By Nick Clark

This article is over 2 years, 8 months old
Issue 2655
Striking outsourced workers on Tuesday
Striking outsourced workers on Tuesday (Pic: Guy Smallman)

Debates over the next steps in a pay fight in the civil service ran through the PCS union’s conferences this week.

Delegates discussed the best strategy to beat the 1 percent civil service pay cap following a recent national strike ballot.

PCS members voted by 79 percent for strikes demanding a 10 percent pay rise. But the ballot failed narrowly to meet the 50 percent turnout threshold demanded by Tory anti-union laws.

PCS general secretary Mark Serwotka said another national ballot may not be “far away”.

But there is a debate over whether the union should hold a national ballot, or try “disaggregated ballots” instead.

Disaggregated ballots would mean each departmental section of the PCS voting separately.


Delegates to the PCS’s national conference were set to debate this on Tuesday as Socialist Worker went to press.

Debates at the conferences for the DWP and HM Revenue and Customs (HMRC) groups foreshadowed it.

Delegates to the HMRC conference passed motions raising the prospect of strikes in the group, as well as a motion committing to remaining in the national campaign.

A speaker during the discussion from East Kilbride branch suggested that if there had been a separate HMRC ballot, “We could have been have been taking action.” Earlier in the discussion Marianne Owens from the group executive committee said, “The best way to break the civil service-wide pay cap is to take civil service-wide action to ensure that no area is left behind.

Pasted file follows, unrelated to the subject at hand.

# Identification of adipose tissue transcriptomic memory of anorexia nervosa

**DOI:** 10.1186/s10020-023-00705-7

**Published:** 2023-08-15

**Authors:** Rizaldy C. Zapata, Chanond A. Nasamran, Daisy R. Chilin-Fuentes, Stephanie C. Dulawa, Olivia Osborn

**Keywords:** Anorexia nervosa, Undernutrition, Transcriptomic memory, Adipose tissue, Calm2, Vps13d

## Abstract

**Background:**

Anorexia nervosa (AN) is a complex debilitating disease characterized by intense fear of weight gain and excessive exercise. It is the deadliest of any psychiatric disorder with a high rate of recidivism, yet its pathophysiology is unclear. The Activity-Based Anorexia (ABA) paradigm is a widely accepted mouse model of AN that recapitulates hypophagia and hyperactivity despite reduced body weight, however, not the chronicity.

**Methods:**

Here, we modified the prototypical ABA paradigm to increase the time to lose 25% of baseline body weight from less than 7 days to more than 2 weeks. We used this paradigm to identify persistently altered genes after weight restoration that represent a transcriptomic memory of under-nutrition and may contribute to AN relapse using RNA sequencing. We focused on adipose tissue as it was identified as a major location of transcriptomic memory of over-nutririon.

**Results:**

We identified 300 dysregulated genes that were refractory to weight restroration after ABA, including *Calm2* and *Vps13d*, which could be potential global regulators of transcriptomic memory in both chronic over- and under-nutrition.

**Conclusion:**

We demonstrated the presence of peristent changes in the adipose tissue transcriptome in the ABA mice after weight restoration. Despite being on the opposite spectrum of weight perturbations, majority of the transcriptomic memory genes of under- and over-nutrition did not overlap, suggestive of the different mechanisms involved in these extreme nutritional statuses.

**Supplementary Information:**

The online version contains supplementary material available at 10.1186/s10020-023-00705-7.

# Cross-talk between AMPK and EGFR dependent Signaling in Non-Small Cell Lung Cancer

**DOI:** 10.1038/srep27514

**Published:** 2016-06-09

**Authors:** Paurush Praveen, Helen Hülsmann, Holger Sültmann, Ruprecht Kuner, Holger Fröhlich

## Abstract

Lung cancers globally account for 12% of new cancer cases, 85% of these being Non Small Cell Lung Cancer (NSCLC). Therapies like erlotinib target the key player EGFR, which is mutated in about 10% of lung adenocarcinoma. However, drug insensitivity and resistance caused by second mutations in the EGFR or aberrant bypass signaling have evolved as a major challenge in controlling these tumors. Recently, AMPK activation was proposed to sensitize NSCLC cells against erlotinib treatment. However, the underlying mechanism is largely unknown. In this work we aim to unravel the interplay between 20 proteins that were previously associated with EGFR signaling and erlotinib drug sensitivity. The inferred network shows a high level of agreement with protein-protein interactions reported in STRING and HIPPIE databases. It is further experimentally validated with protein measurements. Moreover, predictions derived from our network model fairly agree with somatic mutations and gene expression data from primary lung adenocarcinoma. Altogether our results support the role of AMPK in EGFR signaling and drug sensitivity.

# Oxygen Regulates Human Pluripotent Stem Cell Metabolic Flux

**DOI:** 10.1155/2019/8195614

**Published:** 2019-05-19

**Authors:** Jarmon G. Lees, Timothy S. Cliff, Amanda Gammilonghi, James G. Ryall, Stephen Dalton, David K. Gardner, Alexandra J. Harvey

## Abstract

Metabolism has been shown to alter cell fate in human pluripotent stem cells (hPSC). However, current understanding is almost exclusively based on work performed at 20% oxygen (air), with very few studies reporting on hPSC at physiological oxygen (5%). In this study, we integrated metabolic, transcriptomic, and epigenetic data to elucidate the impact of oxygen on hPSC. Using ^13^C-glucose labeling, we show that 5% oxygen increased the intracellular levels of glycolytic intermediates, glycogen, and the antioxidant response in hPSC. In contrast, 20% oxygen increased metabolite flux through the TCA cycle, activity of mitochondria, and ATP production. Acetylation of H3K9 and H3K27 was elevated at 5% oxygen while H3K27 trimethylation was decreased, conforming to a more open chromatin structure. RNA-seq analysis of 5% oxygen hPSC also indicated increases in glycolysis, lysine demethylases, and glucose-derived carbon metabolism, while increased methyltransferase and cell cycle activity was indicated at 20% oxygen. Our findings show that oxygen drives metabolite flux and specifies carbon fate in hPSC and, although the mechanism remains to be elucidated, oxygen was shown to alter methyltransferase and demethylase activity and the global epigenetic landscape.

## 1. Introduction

“We believed in the run-up to this that if we were disaggregated we wouldn’t be able to play a part in the national campaign.”

Socialist Worker supporters argued that that the best strategy is to keep campaigning for a national pay strike.

Building rank and file organisation of activists in the workplace can win a ballot and breach the threshold.

A fringe meeting held by general secretary Mark Serwotka gave evidence to back this up. Breakdowns of the ballot results showed that 60 percent of people who had voted had personal contact with PCS reps—and that contact with reps produced a higher turnout.

Outsourced workers fight back

Outsourced workers at two government departments struck on Tuesday.

Members of the PCS at the Foreign and Commonwealth Office (FCO), and the Department for Business, Energy and Industrial Strategy (BEIS) were out.

Workers including cleaners and porters at the FCO are fighting outsourcer Interserve over redundancies, changes to pay dates, and attacks on holiday pay. They struck on Tuesday and Wednesday.

Meanwhile cleaners and caterers at BEIS were set to strike for four days to demand the London Living wage from bosses at outsourcers ISS and Aramark.